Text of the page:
Answering Your Questions About COVID-19 and Routine Immunizations

National Immunization Awareness Month

Every August is National Immunization Awareness Month, and the topic of vaccines is generating more buzz than ever lately. It seems like the race to find a viable treatment for COVID-19 is matched only by the rapid spread of virus itself.

But it would be a mistake to let that fervor eclipse the importance of your regularly scheduled immunizations. Staying up to date on routine vaccines is your best protection against serious but preventable diseases, from whopping cough to meningitis.

With schools back in session and flu season looming, August is the perfect time to check up on the recommended immunization needs of you and your family. Some vaccines, like the flu, are necessary every year. Some you need only periodically, or in special circumstances or at certain ages. Your healthcare professional can determine what vaccines you and your family need.

You may be wondering: how does COVID-19 impact immunization? Allow us to answer some frequently asked questions about COVID-19 and routine vaccines.

My child’s school is partly or entirely remote right now. Do I still need school-required vaccines?

Classrooms may be closed, but childhood diseases aren’t taking a vacation. Your child still needs all school immunization requirements. Young children that are in daycare should be especially diligent in sticking to the vaccine schedule—remember that germs that cause vaccine-preventable diseases can still spread to people who are not protected by vaccines. Keep that yearly physical or wellness check-up!

If I’m social distancing or undergoing quarantine, do I still need the flu shot?

Yes! You can still be exposed to the flu virus even if you’re mostly staying home. And it’s more important now than ever to avoid catching the flu. The flu is a respiratory disease, just like COVID-19. Medical facilities are inundated every year with flu patients. Lowering the spread of the flu by vaccinating will lower the burden on hospitals and medical professionals, ensuring care capacity for the most critically ill.

Is it possible to have COVID-19 and the flu?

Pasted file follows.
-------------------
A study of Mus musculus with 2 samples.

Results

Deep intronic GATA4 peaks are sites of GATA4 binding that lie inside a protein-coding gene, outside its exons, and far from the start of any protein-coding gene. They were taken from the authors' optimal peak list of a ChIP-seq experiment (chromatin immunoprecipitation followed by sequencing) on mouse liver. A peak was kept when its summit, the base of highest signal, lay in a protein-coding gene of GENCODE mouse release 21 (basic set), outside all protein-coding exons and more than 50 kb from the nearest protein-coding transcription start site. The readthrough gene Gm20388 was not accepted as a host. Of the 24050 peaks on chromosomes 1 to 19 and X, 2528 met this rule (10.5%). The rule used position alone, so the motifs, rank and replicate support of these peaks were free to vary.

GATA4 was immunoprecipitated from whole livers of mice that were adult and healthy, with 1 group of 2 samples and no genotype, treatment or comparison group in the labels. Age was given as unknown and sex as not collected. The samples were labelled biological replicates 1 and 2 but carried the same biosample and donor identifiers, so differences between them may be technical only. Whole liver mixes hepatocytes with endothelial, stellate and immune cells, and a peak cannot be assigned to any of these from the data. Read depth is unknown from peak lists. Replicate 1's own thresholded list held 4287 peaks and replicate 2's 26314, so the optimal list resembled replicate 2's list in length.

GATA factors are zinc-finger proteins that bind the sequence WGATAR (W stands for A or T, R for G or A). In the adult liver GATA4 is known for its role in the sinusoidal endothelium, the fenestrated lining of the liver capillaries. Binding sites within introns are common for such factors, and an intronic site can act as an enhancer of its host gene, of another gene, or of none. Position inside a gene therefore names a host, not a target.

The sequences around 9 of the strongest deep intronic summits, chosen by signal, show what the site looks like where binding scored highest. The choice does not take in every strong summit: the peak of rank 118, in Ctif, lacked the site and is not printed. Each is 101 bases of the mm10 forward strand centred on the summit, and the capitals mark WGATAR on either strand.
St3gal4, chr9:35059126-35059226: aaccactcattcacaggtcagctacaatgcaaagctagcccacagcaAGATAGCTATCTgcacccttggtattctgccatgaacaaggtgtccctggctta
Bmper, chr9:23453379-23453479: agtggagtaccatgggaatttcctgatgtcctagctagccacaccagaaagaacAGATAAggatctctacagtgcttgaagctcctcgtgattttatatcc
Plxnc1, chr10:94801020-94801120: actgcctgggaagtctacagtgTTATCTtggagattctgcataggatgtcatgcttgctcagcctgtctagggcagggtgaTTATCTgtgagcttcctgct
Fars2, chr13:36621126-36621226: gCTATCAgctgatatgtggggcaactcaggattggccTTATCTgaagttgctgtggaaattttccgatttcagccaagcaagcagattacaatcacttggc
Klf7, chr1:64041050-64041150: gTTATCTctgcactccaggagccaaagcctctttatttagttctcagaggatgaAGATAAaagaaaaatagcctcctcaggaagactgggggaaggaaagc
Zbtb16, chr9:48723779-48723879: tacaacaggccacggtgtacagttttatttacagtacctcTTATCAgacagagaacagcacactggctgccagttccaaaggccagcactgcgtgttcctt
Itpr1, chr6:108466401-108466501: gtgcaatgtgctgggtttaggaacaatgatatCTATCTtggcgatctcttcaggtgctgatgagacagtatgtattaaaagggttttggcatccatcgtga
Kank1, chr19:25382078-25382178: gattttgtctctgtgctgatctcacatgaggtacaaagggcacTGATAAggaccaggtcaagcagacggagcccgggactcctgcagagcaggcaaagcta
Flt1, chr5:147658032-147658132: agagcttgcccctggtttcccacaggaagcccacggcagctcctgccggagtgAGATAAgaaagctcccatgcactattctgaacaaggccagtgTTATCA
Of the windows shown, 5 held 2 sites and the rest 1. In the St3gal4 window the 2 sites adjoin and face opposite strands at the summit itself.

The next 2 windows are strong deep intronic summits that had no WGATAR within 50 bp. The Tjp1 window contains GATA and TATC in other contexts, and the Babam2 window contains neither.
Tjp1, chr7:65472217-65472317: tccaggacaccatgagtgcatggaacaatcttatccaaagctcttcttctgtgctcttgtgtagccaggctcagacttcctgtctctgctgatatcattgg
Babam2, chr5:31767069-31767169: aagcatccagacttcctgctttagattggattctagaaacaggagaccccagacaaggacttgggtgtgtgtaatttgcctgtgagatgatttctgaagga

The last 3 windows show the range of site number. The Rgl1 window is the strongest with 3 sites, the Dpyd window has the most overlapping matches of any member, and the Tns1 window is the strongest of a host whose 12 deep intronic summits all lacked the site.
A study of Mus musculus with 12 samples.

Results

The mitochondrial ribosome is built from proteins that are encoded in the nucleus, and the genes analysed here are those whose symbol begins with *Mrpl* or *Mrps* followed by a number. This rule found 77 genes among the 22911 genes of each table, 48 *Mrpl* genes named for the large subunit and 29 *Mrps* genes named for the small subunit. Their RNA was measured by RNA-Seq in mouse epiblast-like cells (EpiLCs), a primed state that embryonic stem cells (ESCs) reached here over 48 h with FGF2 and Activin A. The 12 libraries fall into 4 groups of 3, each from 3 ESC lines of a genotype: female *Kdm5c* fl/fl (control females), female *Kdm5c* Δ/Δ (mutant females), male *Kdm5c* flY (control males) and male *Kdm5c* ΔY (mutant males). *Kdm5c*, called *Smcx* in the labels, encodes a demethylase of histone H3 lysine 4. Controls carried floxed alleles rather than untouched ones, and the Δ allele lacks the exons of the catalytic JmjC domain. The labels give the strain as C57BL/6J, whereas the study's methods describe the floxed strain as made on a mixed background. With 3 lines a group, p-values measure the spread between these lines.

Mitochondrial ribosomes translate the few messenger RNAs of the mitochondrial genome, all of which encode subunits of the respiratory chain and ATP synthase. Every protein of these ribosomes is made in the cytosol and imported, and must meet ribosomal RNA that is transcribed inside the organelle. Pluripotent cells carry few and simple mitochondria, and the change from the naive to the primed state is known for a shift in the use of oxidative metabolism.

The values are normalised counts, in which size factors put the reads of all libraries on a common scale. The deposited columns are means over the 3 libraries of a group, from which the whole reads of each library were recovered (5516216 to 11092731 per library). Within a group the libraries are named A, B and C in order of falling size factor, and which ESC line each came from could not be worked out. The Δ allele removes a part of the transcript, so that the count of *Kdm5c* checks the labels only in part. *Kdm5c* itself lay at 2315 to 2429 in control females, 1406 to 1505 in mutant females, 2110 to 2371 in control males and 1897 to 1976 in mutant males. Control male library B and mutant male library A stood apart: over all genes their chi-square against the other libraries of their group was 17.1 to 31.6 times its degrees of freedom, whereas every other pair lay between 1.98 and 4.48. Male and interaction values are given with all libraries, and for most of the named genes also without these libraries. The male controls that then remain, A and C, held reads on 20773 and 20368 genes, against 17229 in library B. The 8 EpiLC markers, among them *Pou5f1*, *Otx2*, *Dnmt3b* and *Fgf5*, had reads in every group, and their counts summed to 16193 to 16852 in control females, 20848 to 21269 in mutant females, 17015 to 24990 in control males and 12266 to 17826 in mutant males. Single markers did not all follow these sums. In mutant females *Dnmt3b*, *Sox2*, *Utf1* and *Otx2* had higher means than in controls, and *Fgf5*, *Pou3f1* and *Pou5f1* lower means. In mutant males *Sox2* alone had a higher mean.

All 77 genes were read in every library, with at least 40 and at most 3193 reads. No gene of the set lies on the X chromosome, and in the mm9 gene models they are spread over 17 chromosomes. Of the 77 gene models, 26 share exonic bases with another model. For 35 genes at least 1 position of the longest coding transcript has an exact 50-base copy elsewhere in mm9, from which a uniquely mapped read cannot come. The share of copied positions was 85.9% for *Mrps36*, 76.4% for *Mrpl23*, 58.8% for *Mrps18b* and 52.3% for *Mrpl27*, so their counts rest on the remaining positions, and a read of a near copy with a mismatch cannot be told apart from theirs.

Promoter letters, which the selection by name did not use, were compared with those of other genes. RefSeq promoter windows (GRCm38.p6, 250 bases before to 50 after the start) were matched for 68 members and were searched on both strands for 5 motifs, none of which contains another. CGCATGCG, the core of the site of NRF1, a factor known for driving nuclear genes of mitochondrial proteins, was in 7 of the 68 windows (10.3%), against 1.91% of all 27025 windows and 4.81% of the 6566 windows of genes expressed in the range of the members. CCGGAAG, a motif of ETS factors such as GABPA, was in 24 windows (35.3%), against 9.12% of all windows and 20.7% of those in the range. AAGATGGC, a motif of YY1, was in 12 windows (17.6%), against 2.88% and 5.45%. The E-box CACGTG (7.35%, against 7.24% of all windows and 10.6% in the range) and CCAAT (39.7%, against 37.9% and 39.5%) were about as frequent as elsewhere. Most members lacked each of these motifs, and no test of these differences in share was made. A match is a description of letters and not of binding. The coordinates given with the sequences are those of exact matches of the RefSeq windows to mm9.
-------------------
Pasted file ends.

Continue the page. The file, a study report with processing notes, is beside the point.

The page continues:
Yes, you can have both at the same time. That could be devastating, especially to groups who are at increased risk for flu complications like young children, pregnant women, people with chronic health conditions and those who are 65 and older. Even if you’re not at high risk for complications, you can transmit both viruses to others.

I’m nervous about exposing myself to COVID-19. Shouldn’t I avoid going to a medical facility for non-emergencies like vaccines?

The pandemic should not deter anyone from routine vaccination. The purpose of routine immunization is to keep you healthy and well, with fewer visits to the doctor. The last thing you want is to end up in the hospital during a pandemic with a disease that could have been prevented by a vaccine. Plus, clinics are among the safest places in the community as far as preventing the spread of disease! QueensCare Health Centers is taking every possible precaution against the risk of any infection, especially COVID-19. QHC implemented a COVID-19 Response Plan developed using the Centers for Disease Control and Prevention (DCD) and the Los Angeles County Department of Health Services’ protocols and guidelines as well as guidance from our Chief Medical Officer. We have implemented screening protocols, amped cleaning protocols, isolation rooms, telehealth visits, different points of entry and exit to all facilities, and more to make our facilities as safe as possible.

I think I’m behind on my (or my child’s) vaccines. What should I do?

First, you’re not alone. The CDC observed a sizeable drop in the number of pediatric vaccines ordered after the COVID-19 emergency declaration (in Southern California, the drop could be as deep as 40 to 90% for some vaccines). As social distancing measures have relaxed, those who are not protected by vaccines will be at greater risk of exposure. But don’t worry—just make an appointment. If you’ve missed a vaccine, your QueensCare provider will know what to do to catch you up safely.

Is there any vaccine you should not get right now?

There are no vaccines that should be deferred over COVID-19 concerns. Some vaccines, like the one for shingles, may have mild side effects that could be mistaken for COVID-19, but these will not include respiratory symptoms like cough and shortness of breath, and usually clear up in 72 hours. One caveat: if you have COVID-19 symptoms or test positive, you should wait until you meet the criteria to stop isolating before coming in for a vaccine.

It’s not flu season yet. Can I wait on the flu shot?

September might seem a bit early, but early in the season is the perfect time to get a flu shot. It takes two weeks for the flu vaccine to be effective, so we strongly encourage you to get immunized before the flu starts spreading. Everyone over the age of six months should get a flu vaccine!

All five QueensCare Health Centers are open to the community for immunizations, and all have a pediatrician on staff taking vaccine appointments. Call to schedule your appointment today at (323) 635-1144.

Comments are closed, but trackbacks and pingbacks are open.